Our God is the God of the living, and who is more alive than those who have completed this earthly journey and are now with Him in Heaven?
Jesus said, “As for the dead being raised, have you not read in the Book of Moses, in the passage about the bush, how God told him, ‘I am the God of Abraham, the God of Isaac, and the God of Jacob’? He is not God of the dead but of the living” -Mark 12:26-27
For this reason, among others, we honor all those holy men and women who have preceded us and helped show us ways to live out our faith.
“Exactly as Christian communion among our fellow pilgrims brings us closer to Christ, so our communion with the saints joins us to Christ, from whom as from its fountain and head issues all grace, and the life of the People of God itself: We worship Christ as God’s Son; we love the martyrs as the Lord’s disciples and imitators…May we also be their companions and fellow disciples!” CCC 957
Christians have honored martyrs and other saints since the early years of the Church. Sermons from the second century A.D. attest to this custom, and many days were set aside to honor these holy men and women, days we now refer to as “feast days.” However, quite early on, there were so many martyrs for the faith that each one could not have their own day, and so a feast dedicated to all the martyrs was established. There are 4th century references from St. Ephrem the Syrian of this general feast and St John Chrysostom initially assigned the first Sunday after Pentecost to celebrate all the Saints.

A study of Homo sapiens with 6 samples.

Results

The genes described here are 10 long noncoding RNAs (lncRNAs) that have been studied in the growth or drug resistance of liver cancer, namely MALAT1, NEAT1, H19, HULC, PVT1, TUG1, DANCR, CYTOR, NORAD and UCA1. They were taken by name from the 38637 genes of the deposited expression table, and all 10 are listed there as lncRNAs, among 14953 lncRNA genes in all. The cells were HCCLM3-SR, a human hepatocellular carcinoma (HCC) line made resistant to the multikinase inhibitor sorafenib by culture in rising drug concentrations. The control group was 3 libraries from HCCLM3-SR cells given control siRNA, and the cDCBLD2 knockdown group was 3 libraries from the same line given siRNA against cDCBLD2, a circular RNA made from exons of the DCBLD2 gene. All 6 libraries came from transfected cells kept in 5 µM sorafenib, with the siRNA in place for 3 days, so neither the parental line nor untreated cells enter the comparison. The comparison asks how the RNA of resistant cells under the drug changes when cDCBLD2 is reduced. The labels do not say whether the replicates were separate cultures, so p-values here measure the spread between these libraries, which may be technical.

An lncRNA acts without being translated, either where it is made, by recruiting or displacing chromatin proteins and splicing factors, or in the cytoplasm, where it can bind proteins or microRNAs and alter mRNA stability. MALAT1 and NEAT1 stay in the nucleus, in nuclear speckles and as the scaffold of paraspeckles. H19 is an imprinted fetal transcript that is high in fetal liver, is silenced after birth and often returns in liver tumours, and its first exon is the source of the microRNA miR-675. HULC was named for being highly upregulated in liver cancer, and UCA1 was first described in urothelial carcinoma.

It has been said “the blood of the martyrs is the seed of the Church” (Tertullian, Apologeticus), and it can be seen from early Church history that the faith did, indeed, spread through the heroic evangelization of those willing to give their lives for the faith. Just as many pagan people were baptized and became new creations in Christ, so, too, some of the ancient pagan worship sites were consecrated to the one True God and became new places of worship for the early Christians.
Some of these sites can be seen and visited today and one site is that of the Pantheon in Rome. Built around 100 A.D., this pagan temple was dedicated to all their gods (Pantheon is from the Greek for all the gods) and was central to Roman pagan worship. In the year 609, the Byzantine Emperor Phocas, gave the Pantheon to Pope Boniface IV, who removed all artifacts formerly used in pagan worship and replaced them with Christian statues, artwork, and, most importantly, relics. Upon the consecration and dedication of this new church, the Pantheon was renamed as the church of St. Mary and the Martyrs. What was once a pagan site used for the worship of their “many gods” became a holy site for Christians to honor their many Saints through the worship of the One, True, God.
Many more churches and holy places are dedicated to beloved Saints throughout Rome and other parts of Italy. Tekton has been blessed to send pilgrims on an amazing journey of faith as they walk the same roads trod by saints and martyrs centuries ago and has several planned pilgrimages to Italy this upcoming calendar year.
Therefore, since we are surrounded by so great a cloud of witnesses, let us rid ourselves of every burden and sin that clings to us and persevere in running the race that lies before us.